Wuxia has been a genre of Chinese martial arts literature and film for many years. For a long time, however, most American viewers weren’t even aware of its existence. In 2000, Ang Lee brought this style oversees with his film, Crouching Tiger, Hidden Dragon. Its emergence on the scene cause much hype and expectations that was not only met, but exceeded.
When Li Mu Bai’s (Chow Yun-Fat) sword, Green Destiny, is stolen by a thief and his old arch-nemesis, violence and treachery erupt in Peking. Along with an old friend, Yu Shu Lien (Michelle Yeoh), Mu Bai wages a personal war with Jade Fox (Cheng Pei-pei). They also meet a governor’s daughter, Jen (Zhang Ziyi), a young woman with a romantic past and sword skills that are entirely unexpected. How the paths, histories, and conflicts of these characters intersect will determine the fates of them all.
The real star of this film is the fantastic choreography of the fight scenes. Instead of these intense frenetic battles, we are treated to a violent dance of fluidity and grace. These excellent scenes can be attributed to master choreographer Woo-ping Yuen, who also choreographed the action sequences in The Matrix Trilogy. The action is nowhere near as intense as it is in those films, but you get the idea that this guy is a master at his craft.
This movie reminded me a lot of another Wuxia film that became popular in America, Hero. There are a lot of comparisons to be made, but never enough to say that Hero ripped off Crouching Tiger, Hidden Dragon. What Hero succeeded in more was the visual design and color schemes. Crouching Tiger beats Hero when it comes to story, character development, and drama. In fact, this film had some of the best character development I have ever seen and I never felt like I was left in the dark about any aspect of a main character.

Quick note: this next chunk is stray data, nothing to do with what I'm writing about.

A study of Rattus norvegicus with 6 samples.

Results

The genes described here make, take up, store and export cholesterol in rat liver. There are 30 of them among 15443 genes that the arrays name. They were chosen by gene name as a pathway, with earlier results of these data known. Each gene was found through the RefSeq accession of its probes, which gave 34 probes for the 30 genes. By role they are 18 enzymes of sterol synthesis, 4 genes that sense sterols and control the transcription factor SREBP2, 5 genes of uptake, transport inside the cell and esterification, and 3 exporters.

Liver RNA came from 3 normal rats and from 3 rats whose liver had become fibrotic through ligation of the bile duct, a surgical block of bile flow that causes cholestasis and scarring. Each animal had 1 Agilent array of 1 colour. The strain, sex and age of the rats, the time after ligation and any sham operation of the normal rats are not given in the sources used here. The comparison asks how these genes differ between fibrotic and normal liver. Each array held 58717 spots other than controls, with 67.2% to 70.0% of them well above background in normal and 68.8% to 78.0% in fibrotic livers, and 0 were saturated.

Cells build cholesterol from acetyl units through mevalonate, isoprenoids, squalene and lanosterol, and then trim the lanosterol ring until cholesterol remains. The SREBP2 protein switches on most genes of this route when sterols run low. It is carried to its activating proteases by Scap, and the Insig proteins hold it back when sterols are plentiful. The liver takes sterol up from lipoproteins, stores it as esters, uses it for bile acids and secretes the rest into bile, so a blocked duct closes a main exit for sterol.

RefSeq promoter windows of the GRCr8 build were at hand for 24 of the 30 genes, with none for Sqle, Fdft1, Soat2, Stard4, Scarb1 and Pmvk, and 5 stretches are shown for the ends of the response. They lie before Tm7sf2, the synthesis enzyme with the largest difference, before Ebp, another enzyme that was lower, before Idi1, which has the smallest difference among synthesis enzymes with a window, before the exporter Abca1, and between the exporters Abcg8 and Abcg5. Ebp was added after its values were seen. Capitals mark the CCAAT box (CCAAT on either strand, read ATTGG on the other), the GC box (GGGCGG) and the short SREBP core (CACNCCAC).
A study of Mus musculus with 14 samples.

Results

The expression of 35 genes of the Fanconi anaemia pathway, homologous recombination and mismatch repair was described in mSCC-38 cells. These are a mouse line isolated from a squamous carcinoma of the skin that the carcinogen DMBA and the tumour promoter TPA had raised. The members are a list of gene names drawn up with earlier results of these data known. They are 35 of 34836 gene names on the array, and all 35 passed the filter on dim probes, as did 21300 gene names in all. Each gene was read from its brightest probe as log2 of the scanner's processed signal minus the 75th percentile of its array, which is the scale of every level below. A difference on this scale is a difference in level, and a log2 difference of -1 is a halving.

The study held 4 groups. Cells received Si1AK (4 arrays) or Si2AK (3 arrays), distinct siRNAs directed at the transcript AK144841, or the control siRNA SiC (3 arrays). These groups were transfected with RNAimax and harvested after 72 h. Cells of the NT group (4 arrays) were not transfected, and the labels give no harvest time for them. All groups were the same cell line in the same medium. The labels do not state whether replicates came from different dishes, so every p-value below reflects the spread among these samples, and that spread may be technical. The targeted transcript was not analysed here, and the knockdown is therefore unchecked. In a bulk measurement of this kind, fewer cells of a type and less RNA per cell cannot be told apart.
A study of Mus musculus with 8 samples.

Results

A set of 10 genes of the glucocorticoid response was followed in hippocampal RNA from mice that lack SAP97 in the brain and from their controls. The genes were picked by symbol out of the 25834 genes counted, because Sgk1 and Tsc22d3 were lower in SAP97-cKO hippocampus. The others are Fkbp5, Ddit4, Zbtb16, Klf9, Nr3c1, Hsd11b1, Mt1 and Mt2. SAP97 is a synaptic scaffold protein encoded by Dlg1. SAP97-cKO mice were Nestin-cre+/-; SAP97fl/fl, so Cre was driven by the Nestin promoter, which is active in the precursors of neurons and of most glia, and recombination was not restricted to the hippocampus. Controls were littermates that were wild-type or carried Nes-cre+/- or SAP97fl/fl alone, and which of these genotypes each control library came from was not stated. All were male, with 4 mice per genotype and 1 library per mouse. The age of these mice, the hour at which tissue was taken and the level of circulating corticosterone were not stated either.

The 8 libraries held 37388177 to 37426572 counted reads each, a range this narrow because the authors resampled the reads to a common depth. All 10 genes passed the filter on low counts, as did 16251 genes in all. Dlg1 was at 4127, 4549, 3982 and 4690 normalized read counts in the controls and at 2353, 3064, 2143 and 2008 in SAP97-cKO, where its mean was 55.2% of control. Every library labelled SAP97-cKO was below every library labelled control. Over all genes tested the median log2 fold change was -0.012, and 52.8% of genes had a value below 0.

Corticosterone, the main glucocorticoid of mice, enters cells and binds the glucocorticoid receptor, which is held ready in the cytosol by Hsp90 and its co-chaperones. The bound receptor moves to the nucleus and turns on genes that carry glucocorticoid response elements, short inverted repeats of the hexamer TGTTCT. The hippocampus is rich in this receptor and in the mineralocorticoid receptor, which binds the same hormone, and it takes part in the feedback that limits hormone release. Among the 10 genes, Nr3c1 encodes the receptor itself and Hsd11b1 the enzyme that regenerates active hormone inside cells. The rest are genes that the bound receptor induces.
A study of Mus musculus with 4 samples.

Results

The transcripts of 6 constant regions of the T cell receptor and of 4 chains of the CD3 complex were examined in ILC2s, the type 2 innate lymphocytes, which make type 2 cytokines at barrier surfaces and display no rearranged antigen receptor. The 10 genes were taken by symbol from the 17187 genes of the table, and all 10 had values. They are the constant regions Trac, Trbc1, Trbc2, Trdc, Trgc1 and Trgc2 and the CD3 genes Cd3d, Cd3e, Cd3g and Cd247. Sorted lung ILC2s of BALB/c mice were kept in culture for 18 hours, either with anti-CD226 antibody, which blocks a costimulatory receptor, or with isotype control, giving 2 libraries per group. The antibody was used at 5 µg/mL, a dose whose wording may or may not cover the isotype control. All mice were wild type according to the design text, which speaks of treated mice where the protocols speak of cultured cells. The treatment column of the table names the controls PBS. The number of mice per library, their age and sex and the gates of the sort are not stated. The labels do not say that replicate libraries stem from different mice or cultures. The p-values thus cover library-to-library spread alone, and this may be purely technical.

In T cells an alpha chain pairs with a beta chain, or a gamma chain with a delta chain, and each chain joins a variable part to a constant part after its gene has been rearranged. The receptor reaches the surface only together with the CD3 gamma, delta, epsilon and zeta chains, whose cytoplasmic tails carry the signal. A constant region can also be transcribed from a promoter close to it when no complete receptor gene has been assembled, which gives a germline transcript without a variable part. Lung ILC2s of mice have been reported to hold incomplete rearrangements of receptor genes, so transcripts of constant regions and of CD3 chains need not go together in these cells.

I really got a feeling for Chinese culture from this film. The surroundings, how they spoke to each other, class differences, and gender roles all play a big part to the narrative. In fact, without them this story wouldn’t have been as great as it was since the history and culture play such an important role in how people interact with each other and are treated.
One point where this movie kind of hurts itself is in the middle when Jen’s past is told through a flashback. I understand that it is a crucial part to the story, but it went on for a very long time and I felt like it could have been trimmed down. Once the main plot was back on track, I was so relieved. More relieved than I should have been. In fact, I shouldn’t have felt relief if the segment was paced right. Still, this is the only part of the movie where I was bored. Think of it as your bathroom break. A “what did I miss” should cover you.
Crouching Tiger, Hidden Dragon is an epic martial arts masterpiece that has to be seen to truly be appreciated. The story is so captivating and multilayered that it rivals the excellence of the action sequences. If someone asked me which I prefer: Hero or Crouching Tiger, Hidden Dragon, I would probably say Hero. Still, this can easily be ranked as one of the best films of all time, whether you’re new to the genre or a Wuxia fanatic.